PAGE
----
The Ballad of Songbirds and Snakes by Suzanne Collins (Hunger Games #0)

Ballad of Songbirds and Snakes

The Ballad of Songbirds and Snakes
by Suzanne Collins

Young Adult/Dystopian

#0 Hunger Games

439 Pages

Published by Scholastic Press (19th May 2020)

Purchase from | Dymocks | QBD | Fishpond AU* | Booktopia* | Book Depository* | | Amazon AU | Amazon US | Amazon UK |


Actual rating of 3.75

This story takes place before Katniss Everdeen, before the Hunger Games as WE know them. It begins on the morning of the 10th Annual Hunger Games, and eighteen year old Coriolanus Snow is nervous yet excited for the possibilities that await him; he is to be a mentor in the Hunger Games. House Snow has fallen on hard times, they get by on the bare necessities of food, yet no one knows their plight, they hide it well. If Coriolanus Snow can outcharm and outwit his fellow mentors, he could be the mentor with the winning tribute, which will open up possibilities for his future. When he is saddled with the tribute from District 12, he is humiliated, until he first sees Lucy Gray Baird. She is captivating, charming and makes you feel like you will do anything to see her win. Coriolanus finds himself torn between wanting to break the rules to help his tribute become the winner, and needing to follow them. From the moment they meet, their fates are intertwined, will they make it out alive?

I was super curious about this book, I’ve only read the first Hunger Games story, though I do have the other two waiting on my TBR shelf. I was interested to see how things were, well before Katniss’ time. And I was even more intrigued by what a young Coriolanus Snow would be like.

When we first meet Coriolanus, I found myself wondering how on Earth he turned into the person he became. He seems so caring and empathetic to other’s, even though House Snow’s fall left him feeling ashamed of what they had become. He still tried his hardest to do what was right. I found it so perplexing to read his character this way and I was having a lot of trouble connecting him to the Snow of the Katniss generation. However, as the book moved on, small snippets of the REAL Snow began to emerge and I absolutely adored watching it unfold. To see the character development from the beginning to what he became at the end was masterful and it made me a little giddy.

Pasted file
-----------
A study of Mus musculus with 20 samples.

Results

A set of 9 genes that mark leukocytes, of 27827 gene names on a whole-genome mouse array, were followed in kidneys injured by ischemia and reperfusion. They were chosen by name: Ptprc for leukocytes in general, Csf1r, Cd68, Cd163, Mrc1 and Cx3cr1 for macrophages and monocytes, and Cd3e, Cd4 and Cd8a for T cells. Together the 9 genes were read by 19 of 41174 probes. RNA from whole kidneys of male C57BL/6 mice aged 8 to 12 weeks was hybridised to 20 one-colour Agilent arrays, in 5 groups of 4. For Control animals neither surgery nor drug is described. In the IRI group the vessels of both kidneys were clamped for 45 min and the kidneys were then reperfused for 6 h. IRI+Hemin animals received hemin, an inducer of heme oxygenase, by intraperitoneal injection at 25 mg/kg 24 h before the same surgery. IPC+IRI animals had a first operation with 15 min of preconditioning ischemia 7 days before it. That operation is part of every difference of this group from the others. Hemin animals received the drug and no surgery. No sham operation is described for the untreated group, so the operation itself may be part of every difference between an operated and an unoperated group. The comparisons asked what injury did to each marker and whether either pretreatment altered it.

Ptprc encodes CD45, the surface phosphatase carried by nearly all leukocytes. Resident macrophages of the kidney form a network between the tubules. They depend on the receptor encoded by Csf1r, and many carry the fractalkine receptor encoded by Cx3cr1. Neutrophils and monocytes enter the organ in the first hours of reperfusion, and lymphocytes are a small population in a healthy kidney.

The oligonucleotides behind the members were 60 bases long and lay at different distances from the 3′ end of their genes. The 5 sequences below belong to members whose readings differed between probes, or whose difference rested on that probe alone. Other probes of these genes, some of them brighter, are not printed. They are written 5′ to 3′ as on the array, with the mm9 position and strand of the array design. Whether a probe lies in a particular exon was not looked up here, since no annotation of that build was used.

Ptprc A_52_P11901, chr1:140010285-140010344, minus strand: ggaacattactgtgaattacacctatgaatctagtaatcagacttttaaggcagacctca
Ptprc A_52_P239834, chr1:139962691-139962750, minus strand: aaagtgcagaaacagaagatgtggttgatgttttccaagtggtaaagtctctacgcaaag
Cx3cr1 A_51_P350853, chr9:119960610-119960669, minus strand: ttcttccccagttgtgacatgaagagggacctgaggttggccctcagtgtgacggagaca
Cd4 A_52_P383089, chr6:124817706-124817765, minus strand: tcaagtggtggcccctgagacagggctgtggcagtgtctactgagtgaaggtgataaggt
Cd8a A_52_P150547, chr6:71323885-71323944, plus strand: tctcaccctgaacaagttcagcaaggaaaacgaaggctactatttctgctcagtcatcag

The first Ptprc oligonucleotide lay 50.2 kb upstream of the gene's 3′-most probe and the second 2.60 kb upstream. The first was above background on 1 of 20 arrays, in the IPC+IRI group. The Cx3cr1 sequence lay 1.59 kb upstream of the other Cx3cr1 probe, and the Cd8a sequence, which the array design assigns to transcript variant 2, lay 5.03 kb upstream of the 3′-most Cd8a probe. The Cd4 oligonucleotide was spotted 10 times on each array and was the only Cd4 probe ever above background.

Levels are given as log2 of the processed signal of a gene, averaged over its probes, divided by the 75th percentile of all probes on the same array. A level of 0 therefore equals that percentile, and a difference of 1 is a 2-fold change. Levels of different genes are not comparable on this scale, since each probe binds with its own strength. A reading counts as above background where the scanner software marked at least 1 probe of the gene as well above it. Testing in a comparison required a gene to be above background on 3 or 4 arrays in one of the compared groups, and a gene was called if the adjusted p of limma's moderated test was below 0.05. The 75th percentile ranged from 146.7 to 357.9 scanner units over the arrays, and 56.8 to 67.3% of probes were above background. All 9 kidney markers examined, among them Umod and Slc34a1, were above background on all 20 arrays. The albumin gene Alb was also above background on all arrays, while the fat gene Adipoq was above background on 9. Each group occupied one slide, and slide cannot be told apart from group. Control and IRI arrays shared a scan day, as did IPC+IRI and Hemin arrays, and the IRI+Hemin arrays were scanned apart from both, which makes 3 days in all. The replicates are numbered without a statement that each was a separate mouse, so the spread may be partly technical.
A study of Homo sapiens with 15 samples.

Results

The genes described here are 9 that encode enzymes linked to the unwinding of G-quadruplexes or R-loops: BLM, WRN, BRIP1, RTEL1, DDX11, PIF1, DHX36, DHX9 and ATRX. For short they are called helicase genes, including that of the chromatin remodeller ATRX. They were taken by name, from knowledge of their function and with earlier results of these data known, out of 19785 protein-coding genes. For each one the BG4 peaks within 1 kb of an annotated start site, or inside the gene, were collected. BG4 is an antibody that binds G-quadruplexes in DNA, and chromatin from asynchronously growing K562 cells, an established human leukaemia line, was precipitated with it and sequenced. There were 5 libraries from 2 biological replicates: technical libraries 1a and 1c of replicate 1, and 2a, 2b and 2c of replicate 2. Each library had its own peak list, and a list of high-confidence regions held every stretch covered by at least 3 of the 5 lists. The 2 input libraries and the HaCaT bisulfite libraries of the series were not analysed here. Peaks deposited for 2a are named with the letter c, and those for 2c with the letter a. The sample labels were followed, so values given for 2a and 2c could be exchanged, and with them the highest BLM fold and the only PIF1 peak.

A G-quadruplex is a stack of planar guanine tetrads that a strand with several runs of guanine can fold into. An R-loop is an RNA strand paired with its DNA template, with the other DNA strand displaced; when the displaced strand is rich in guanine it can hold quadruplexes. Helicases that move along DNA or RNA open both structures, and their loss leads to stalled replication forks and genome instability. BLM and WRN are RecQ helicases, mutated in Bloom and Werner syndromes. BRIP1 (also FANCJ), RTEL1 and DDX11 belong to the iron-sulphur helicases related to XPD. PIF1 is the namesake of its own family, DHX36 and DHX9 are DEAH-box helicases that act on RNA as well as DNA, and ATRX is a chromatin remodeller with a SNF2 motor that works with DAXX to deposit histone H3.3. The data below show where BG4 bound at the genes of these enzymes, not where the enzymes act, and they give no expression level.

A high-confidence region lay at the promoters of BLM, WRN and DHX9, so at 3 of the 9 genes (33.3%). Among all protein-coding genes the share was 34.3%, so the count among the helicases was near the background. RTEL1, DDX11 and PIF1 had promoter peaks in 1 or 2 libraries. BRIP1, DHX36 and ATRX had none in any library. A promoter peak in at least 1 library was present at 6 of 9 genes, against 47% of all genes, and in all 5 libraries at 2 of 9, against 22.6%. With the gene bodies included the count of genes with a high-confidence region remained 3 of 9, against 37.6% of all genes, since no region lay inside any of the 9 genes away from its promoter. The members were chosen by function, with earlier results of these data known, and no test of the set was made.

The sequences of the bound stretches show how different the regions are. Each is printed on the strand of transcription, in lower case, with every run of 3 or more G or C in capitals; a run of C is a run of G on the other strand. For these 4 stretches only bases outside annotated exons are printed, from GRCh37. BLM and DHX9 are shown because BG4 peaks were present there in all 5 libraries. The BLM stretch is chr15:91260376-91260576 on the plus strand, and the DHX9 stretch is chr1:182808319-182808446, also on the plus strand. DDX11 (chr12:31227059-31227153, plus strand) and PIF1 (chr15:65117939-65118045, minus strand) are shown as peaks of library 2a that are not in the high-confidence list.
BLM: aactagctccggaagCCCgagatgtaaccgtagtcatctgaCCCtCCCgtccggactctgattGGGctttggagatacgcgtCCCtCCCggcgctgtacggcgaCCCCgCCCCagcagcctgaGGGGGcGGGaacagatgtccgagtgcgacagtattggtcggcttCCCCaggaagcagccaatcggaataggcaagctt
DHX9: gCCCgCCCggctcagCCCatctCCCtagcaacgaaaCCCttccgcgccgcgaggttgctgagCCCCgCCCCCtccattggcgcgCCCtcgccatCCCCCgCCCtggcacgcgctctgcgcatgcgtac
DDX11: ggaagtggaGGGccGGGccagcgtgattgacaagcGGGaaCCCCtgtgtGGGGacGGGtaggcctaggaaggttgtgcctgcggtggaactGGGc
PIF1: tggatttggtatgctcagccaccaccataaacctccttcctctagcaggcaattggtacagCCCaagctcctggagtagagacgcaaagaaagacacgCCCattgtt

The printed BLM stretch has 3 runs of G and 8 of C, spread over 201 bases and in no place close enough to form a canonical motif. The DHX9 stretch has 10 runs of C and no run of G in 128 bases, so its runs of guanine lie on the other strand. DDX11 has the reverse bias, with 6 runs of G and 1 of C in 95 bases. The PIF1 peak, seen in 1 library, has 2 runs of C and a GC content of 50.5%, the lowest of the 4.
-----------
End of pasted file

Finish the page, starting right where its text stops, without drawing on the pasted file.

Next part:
Lucy Gray was such an interesting character, and she reminded me so much of Katniss. Not because of any notable similarities, but purely because they each became almost the golden child tribute of their respective Hunger Games. They became the people that the public most rooted for to win. Though Lucy Gray did lay it on a lot harder than Katniss, Katniss was reluctant in her charm, where Lucy threw everything she had into it. The relationship between Snow and Lucy was an interesting one, and I felt myself becoming suspicious of it. It was here that we began to see the emergence of the Snow of present. Comments of how Lucy was ‘his’ and ‘belonged to him’ she was ‘his tribute’ made her come across as less of person to Snow and more of a belonging, something to own, and I found my dislike of him returning slowly. Their relationship was a strange one and I was waiting for the other shoe to drop, though it didn’t happen in the way I thought it would. I found it impossible for Lucy to have any actual feelings towards Snow, as they were thrown together through circumstance and let’s face it, Lucy’s circumstances were not good. She did what she had to to survive and I loved that about her character. The last time we see her was confusing. I’m still wondering what actually happened though I feel like Collins deliberately left it up to the readers imagination as to her fate, though I can’t help but be a bit annoyed, I need closure dammit!

The story itself wasn’t as engaging as the Hunger Games (the one book that I’ve read haha) I felt. It moved a lot slower because we were on the outside looking in this time, and not in the middle of the action feeling the fear and the adrenalin of a tribute participating in the Games. I absolutely flew through the first Hunger Games book when I read it because it was just go, go, go constantly, you never knew what crazy, outlandish thing was going to happen next. Where this story moved a lot slower and ended up being Coriolanus lamenting about his lot in life a lot of the time. I will admit, I put it down for a bit but then made a point to read my paperback before going to sleep so that I DON’T leave books just sitting for ages when they’re losing my interest.

While this prequel was slow, I still enjoyed reading it and watch everything slowly unfold. It was nice to take a step back to an earlier Hunger Games so we could see the games before they became what we know them off today. And I did enjoy seeing the origin of Coriolanus Snow and loved watching his character devolve into this egotistical, self absorbed butt munch that we know today. If nothing else, he is an interesting character to get inside the head of.

I am planning on finishing the Hunger Games trilogy sometime this year, and it sparked my need to see what happens in the books (yes, I have seen the movies). If you’re a fan of the Hunger Games and are curious about the origin of Snow and the games themselves, and are curious about seeing the games from the other side, give it a go.